Rush hour on the L train. Crowding on some lines could get worse in the winter. (Photo via flickr user Tasayu Tasnaphun)
When the MTA announced what I termed its efficient slate of service cuts in January, the train line eliminations and bus route restructurings earned headlines while a technical provision about load guidelines went largely ignored. Everyone wanted to hear about the end of the V train, the death of the W and the official move to cut G service to Forest Hills. No one cared if a car would now be considered full when every seat is taken and 10-18 straphangers are standing.
Today, we care for the MTA has unveiled a small slate of service cuts that will take advantage of these new load guidelines and go into effect in December. The cuts will largely target some underutilized bus routes but will also involve the restructuring of rush hour service along the 7 line. When new train schedules are implemented in December, a handful of lines will see headways increased from one to 2.5 minutes. According to The Times, transit officials say these changes are “routine adjustments to account for trends in ridership, which has sagged in the weak economy.”
The MTA’s own internal documents tell a similar story. The MTA Board’s Transit Committee books — available here as a PDF — say that these service adjustments will save the MTA $4.1 million annually and will “more closely align subway service with customer demand and established guidelines for subway operations.” Conveniently, those established guidelines are the new load guidelines that go into effect next week and allow the MTA to cut train frequency while still operating trains within its own acceptable parameters.
As for the details, the cuts are sparse but have the potential to impact many early rush-hour commuters and off-peak riders. Transit will be scaling back service on 31 bus routes while increasing it on 14, but the biggest cuts are along the IRT Flushing Line. Express service will now begin at 6:20 a.m. instead of 5:30 a.m., and riders along the 7 will lose four early-morning express trains. To meet demand, Transit will add one local trip between 5:20 and 6:10 and two local trains between 9 and 10 a.m. These cuts will be into effect in December, and other lines affected include the 1, A, F, J, L and M trains. A chart showing the new train frequencies is below.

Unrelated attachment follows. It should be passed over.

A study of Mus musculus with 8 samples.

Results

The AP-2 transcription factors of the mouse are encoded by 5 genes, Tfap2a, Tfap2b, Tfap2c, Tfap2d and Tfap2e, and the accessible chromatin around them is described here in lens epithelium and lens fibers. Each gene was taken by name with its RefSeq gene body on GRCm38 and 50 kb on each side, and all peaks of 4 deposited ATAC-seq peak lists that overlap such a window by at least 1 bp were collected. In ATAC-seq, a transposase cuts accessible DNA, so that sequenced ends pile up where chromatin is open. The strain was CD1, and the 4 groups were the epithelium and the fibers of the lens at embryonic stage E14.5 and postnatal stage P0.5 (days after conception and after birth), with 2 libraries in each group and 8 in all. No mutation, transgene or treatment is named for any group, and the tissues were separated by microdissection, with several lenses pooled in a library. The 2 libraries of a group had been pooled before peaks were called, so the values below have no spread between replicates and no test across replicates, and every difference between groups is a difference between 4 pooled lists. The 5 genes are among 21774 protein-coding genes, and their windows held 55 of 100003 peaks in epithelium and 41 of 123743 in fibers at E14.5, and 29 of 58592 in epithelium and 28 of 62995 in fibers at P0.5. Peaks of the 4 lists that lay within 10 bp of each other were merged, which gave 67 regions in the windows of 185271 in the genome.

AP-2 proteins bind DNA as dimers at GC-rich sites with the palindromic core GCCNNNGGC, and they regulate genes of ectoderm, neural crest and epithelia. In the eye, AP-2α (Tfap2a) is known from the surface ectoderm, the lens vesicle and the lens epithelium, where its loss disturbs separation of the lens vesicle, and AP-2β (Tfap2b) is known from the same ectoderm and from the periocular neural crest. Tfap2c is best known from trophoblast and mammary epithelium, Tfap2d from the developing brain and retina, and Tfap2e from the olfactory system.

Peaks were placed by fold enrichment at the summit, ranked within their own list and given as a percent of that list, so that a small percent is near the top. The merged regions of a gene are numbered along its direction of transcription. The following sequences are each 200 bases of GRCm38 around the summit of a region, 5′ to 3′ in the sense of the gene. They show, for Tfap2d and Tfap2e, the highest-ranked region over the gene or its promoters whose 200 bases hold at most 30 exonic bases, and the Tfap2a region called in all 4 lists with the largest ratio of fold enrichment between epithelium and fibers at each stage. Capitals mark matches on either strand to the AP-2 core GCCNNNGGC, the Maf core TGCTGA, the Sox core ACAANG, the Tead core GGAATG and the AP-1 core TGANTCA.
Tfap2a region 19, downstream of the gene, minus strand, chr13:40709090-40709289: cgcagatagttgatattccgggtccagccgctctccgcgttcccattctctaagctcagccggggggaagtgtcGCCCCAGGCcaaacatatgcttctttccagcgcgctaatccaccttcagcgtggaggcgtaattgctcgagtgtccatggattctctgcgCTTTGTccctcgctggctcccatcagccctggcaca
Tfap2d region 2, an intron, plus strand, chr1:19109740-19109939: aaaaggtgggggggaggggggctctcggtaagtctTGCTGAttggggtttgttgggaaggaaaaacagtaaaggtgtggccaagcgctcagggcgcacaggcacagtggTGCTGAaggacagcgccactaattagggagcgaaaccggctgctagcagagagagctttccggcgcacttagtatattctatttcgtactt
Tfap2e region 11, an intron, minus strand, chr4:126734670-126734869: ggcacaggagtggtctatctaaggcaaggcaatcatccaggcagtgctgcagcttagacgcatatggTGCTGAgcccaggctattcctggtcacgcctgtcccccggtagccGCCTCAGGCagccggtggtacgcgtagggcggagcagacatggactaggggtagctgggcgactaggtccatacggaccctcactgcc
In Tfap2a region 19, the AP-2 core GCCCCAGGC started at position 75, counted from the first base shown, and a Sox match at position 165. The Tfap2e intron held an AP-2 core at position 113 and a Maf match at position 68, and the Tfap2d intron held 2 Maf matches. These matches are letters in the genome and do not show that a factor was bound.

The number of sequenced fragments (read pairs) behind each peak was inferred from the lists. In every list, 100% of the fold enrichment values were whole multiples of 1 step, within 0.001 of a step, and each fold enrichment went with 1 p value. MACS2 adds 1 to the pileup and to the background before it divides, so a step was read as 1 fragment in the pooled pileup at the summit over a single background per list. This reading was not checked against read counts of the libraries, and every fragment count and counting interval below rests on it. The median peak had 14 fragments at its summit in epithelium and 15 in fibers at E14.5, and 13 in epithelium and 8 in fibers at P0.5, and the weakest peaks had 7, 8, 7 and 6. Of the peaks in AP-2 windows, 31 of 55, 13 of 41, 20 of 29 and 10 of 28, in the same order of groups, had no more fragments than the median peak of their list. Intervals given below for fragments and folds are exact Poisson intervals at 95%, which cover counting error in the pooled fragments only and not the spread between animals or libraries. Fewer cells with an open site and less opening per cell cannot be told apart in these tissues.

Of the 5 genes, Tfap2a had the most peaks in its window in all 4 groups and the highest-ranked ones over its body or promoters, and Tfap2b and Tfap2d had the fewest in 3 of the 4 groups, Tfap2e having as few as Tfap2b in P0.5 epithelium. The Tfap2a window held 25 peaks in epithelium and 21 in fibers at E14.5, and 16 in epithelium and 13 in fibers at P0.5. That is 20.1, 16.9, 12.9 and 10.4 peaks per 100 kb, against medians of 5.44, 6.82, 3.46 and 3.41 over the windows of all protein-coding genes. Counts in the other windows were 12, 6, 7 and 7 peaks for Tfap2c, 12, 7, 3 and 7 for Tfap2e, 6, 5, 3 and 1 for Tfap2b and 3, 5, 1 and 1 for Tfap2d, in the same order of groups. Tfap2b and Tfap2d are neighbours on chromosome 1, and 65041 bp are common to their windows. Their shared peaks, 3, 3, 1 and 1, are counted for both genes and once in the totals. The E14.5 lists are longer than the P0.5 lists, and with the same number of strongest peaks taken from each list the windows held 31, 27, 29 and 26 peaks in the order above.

These new service cuts raise a few questions. First, why is the MTA continuing to cut service? The answer to his one is simple: The authority remains a few hundred million dollars in debt, and Friday’s decision to save the Student MetroCard program does little to alleviate the financial pressure. As The Times reports, the authority’s tax revenue is falling below projection, and the agency still hasn’t figured out how to close its $400 million budget gap. Thus, more service cuts.
The second question is one few people want to ask: So what happens next? At this point, the MTA has revised its load guidelines, has cut off-peak service and is starting to whittle away at the fringes of rush hour traffic. Will the agency begin to pare down its peak-hour offerings? Are we in line for a fare hike? Even the carrot of $90 million in stimulus funds wouldn’t be enough to close the gap, and the Senate has yet to move on a potential transit operating aid package.
The MTA’s first proposed budget is due at the end of July, and it must contain a net-zero on the balance sheet. The service cuts or the fare hikes could be extreme, and John H. Banks, a six-year veteran of the MTA Board, put it best. “This is just the beginning,” he said to The Times. “Unless there is a dramatic change in what is anticipated from Albany and the city — which I don’t expect — we’re in for a bumpy ride, no pun intended.”